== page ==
Por Ahi
Courtesy of the artist
Por Ahi

Rana Santacruz waited five years to release his second album.

In today's instantaneous digital age, that's a dangerous career move. Waiting that long risks a budding fan base moving on to next new thing. Musical trends change fast, risking diminished interest in a particular sound. A club owner or booking agent can delete old contact info with the push of a button.

In the case of Santacruz's new album Por Ahí, hanging back was exactly the right thing to do.

The Mexican-born multi-instrumentalist has been living in Brooklyn, and as he took a recording sabbatical over the last five years, he didn't exactly stay home. He soaked in everything from Balkan-influenced dance music, bearded hipster cool, 1920s jazz and even bluegrass. In other words, he just walked around and took in the music flowing into the streets from Brooklyn bars and clubs.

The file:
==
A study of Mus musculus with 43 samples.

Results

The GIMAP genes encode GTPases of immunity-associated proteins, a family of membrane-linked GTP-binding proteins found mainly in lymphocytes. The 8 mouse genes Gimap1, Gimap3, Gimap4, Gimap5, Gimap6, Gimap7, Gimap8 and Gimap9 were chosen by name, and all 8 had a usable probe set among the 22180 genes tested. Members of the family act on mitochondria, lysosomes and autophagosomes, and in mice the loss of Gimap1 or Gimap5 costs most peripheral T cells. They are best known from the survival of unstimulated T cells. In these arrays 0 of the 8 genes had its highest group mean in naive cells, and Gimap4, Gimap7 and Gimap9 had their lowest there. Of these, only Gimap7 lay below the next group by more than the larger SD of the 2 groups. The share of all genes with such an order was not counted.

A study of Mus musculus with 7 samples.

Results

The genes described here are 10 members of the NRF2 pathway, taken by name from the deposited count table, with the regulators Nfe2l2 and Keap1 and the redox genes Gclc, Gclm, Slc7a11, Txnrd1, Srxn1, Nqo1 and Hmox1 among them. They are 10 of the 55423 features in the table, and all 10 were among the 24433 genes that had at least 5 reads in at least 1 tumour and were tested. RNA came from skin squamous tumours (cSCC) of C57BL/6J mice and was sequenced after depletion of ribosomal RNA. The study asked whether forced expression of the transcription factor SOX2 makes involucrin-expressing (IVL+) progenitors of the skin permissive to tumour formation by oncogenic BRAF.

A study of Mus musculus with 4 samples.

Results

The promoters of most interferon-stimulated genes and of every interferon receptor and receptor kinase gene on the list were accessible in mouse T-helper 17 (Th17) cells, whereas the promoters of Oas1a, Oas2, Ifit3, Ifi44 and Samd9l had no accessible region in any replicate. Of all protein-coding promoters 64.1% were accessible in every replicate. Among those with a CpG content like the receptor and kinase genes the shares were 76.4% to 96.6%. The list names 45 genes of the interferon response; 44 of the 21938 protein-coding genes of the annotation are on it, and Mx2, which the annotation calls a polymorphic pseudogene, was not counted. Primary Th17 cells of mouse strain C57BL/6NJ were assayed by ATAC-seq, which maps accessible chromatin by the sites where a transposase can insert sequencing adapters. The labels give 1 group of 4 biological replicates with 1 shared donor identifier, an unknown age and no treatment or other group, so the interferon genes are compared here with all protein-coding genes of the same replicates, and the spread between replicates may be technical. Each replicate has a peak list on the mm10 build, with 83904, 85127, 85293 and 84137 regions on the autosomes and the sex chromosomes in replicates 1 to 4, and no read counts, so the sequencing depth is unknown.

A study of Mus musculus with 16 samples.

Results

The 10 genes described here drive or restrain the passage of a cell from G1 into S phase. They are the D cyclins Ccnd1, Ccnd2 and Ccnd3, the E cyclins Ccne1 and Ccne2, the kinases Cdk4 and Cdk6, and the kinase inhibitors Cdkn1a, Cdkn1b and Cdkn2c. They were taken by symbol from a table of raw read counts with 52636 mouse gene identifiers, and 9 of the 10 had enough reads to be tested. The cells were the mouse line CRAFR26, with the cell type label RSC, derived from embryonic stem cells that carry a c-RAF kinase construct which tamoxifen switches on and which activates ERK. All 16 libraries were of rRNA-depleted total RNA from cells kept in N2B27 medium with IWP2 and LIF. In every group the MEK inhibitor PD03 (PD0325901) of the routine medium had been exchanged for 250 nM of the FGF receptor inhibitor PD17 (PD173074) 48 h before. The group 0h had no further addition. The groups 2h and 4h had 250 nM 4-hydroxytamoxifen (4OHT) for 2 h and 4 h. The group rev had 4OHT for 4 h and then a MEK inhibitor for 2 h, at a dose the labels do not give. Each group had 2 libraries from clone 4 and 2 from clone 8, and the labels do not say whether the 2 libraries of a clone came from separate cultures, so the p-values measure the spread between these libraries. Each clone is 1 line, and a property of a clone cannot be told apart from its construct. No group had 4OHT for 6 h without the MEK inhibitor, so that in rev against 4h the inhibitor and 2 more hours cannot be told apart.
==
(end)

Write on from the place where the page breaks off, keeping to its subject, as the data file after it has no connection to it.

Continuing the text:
The result is an album's worth of musical vision that could only come from a chilango (Mexico City native) living in 21st-century Brooklyn. Santacruz has crafted an amazing multi-genre masterpiece that sounds as organic as the soft rain falling in one of his lyrics.

The genius of a bluegrass banjo riff played against a Mexican folk son jarocho stopped me in my tracks. The sweeping scope of his storytelling had me listening intently to his vocals and checking the translated liner notes to make sure I was actually hearing the poetry I thought I was hearing.

Musical statements like this don't come along very often — and we are fortunate Santacruz waited until it was just right.